In the Arena

Obama’s Debate Strategy: Unilateral Disarmament?


President Obama listens during the first presidential debate, at the University of Denver on Oct. 3, 2012

Well, I’m with all the other talking heads: Mitt Romney won this debate. Barack Obama lost it. I mean, he got his butt kicked. It was, in fact, one of the most inept performances I’ve ever seen by a sitting President. Romney — giving credit where it’s due — was calm, clear, convincing (even when he was totally full of it) and nearly human. The real mystery was Obama. Where on earth was he? Why was his debate strategy unilateral disarmament? Why did he never speak in plain English? “Mitt, you’re selling a fantasy. Bill Clinton proved it. He raised taxes on the wealthy and the economy boomed. George Bush lowered taxes drastically and the economy tanked. How’s your plan any different than Bush’s?” Actually, the President did say something like that, but it was well past most of America’s bedtime, about an hour into the debate — and he didn’t do it clearly, concisely or directly.

It gets worse.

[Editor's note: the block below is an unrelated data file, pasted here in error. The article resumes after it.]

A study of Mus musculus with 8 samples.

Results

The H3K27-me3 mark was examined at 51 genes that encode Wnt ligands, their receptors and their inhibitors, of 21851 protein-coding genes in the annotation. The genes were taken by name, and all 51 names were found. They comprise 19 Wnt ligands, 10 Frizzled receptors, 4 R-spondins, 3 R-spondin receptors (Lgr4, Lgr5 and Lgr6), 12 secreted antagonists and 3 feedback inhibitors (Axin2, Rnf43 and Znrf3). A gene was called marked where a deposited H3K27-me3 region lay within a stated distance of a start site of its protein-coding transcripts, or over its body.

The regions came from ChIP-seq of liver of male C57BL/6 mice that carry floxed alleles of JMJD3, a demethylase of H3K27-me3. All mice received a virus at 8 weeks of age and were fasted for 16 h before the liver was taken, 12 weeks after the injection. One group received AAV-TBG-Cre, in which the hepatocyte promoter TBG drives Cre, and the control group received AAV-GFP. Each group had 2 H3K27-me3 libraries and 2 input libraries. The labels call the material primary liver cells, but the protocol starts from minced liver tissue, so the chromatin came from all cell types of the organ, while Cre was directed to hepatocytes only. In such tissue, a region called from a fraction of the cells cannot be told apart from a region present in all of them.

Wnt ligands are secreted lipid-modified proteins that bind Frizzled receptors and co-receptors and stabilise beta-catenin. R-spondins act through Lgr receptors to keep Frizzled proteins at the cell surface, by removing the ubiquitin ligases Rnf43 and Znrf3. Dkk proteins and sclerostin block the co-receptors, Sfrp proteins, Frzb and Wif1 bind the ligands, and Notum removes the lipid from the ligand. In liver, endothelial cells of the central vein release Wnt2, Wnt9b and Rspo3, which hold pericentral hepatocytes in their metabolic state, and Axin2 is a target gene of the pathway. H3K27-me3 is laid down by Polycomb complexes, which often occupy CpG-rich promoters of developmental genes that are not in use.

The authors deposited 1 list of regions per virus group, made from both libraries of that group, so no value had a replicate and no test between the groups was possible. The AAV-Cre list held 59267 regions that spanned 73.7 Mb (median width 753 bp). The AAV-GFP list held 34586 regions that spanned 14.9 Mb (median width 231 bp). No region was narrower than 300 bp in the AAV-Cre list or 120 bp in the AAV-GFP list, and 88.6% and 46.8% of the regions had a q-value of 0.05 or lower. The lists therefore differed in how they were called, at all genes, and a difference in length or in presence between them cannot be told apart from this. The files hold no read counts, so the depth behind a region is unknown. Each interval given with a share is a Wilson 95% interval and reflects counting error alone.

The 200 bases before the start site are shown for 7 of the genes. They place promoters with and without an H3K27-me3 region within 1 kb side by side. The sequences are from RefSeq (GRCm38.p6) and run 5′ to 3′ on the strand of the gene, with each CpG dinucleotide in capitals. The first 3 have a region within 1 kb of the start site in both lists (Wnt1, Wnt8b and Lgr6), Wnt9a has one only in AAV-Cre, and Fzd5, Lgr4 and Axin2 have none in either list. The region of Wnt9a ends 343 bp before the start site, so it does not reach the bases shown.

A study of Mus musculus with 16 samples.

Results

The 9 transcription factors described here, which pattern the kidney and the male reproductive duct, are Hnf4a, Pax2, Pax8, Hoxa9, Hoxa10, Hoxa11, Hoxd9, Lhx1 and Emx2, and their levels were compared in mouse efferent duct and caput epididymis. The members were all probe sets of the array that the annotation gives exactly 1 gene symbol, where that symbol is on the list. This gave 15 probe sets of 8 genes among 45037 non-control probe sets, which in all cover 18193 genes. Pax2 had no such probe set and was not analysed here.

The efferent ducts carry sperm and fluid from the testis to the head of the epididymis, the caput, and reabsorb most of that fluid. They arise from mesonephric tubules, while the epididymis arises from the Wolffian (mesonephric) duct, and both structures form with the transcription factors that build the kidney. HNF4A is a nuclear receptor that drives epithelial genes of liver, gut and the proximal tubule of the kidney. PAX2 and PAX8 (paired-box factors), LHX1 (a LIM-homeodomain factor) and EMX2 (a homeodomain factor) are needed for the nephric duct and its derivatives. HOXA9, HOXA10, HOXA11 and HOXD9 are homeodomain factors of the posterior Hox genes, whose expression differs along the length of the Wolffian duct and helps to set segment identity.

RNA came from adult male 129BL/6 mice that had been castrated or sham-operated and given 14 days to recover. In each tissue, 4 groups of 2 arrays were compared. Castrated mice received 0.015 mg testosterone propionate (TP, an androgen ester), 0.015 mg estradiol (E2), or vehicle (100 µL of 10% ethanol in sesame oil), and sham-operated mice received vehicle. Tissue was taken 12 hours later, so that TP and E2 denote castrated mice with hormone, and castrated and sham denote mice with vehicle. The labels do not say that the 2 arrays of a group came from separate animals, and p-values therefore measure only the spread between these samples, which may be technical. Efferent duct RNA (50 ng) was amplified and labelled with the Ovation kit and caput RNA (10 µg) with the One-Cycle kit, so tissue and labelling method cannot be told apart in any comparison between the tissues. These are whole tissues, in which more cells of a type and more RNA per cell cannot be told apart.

You may also have noticed that when Romney deftly compared the $2.8 billion in oil subsidies to the President’s $90 billion in green energy, Obama didn’t have a response. This was truly remarkable. He didn’t talk about the world’s largest sun and wind farms. He didn’t talk about the failed energy investments that Romney had made. My colleague Michael Grunwald spent nearly 500 convincing pages in his book The New New Deal describing the accomplishments of the stimulus package, and the President couldn’t even defend it.



But I must admit, once again, to being mystified. Did the President send out his body double to this debate? Because if that were the actual Barack Obama out there, I’m not sure he could communicate well enough to be an effective President in a time of trouble, to say nothing of winning a second term.